I was reminded Sunday of the courage required to bear witness to history.
At dusk on Aug. 14, Associated Press photojournalist Julie Jacobson took a picture of a Marine who was hit by a rocket-propelled grenade in Afghanistan. Lance Cpl. Joshua M. Bernard died.
Jacobson described the scene Sunday at a meeting for the AP on Sunday in Kansas City. She spoke plainly and in detail of the Taliban ambush.
The RPG that killed Lance Cpl. Bernard hit 10 yards from Jacobson.
She didn’t see Bernard. The grenade started a grass fire. There was the pop-pop-pop of gunfire from AK-47s and M-16s. She was running.
Then she saw him. “For the second time in my life, I watched a Marine lose his,” she said in a slideshow journal I later watched online.
“I hit the ground and lay as flat as I could and shot what I could.”
Bernard was awake, although his legs were mostly gone. He said he couldn’t breathe. Fellow Marines tended to him, but he would lose consciousness and die before the day was out.
When it was released in September, the photo ignited debate over its appropriateness of showing American casualties.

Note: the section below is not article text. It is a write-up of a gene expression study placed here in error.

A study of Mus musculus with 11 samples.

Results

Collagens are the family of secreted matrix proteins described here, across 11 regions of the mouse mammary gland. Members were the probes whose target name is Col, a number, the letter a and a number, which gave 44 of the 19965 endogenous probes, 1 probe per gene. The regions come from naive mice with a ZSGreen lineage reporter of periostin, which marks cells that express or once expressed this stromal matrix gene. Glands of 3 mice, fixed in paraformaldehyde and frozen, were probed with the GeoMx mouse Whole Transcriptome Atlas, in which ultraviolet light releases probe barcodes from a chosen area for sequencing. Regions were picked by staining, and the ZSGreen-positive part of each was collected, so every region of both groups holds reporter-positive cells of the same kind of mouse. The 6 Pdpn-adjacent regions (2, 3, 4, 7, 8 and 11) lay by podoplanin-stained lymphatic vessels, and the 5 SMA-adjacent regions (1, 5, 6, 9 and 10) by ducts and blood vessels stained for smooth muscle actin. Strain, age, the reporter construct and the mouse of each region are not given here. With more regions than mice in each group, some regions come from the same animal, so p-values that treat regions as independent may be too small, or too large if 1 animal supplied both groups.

Monday morning, at the conference of Kansas and Missouri editors, the discussion continued.
Points on both sides seemed valid. Most had been vetted the night I got the call from the Missourian copy desk. (The story and accompanying photo ran inside the A section of the print edition.)
I got a better sense of the weight and context behind the photo from Jacobson’s back story.
At the conference, Jacobson showed video of crossing an open area while receiving gunfire a few days before.
You can’t see her, of course, but you can hear her breathing hard. It might have been from running in 115-degree heat. Or it might have been from knowing that, for a brief moment, she was alone as she became separated from a Marine she was with.
A few minutes after the RPG that killed Bernard, a second grenade hit just 5 yards from Jacobson.
“It was a big boom!” she said in her online journal, “and I just lay my face in the dirt and everything went quiet for about 10 seconds. It was just silence, like I was wearing noise canceling headphones or like world peace had finally descended upon the earth.
“The air was white with sand.”
As I write, thousands more soldiers and Marines are making ready for deployment to Afghanistan. Theirs is the most hazardous of journeys.
But behind them — sometimes just a step or two away — Julie Jacobson and journalists like her are there to witness the events for us.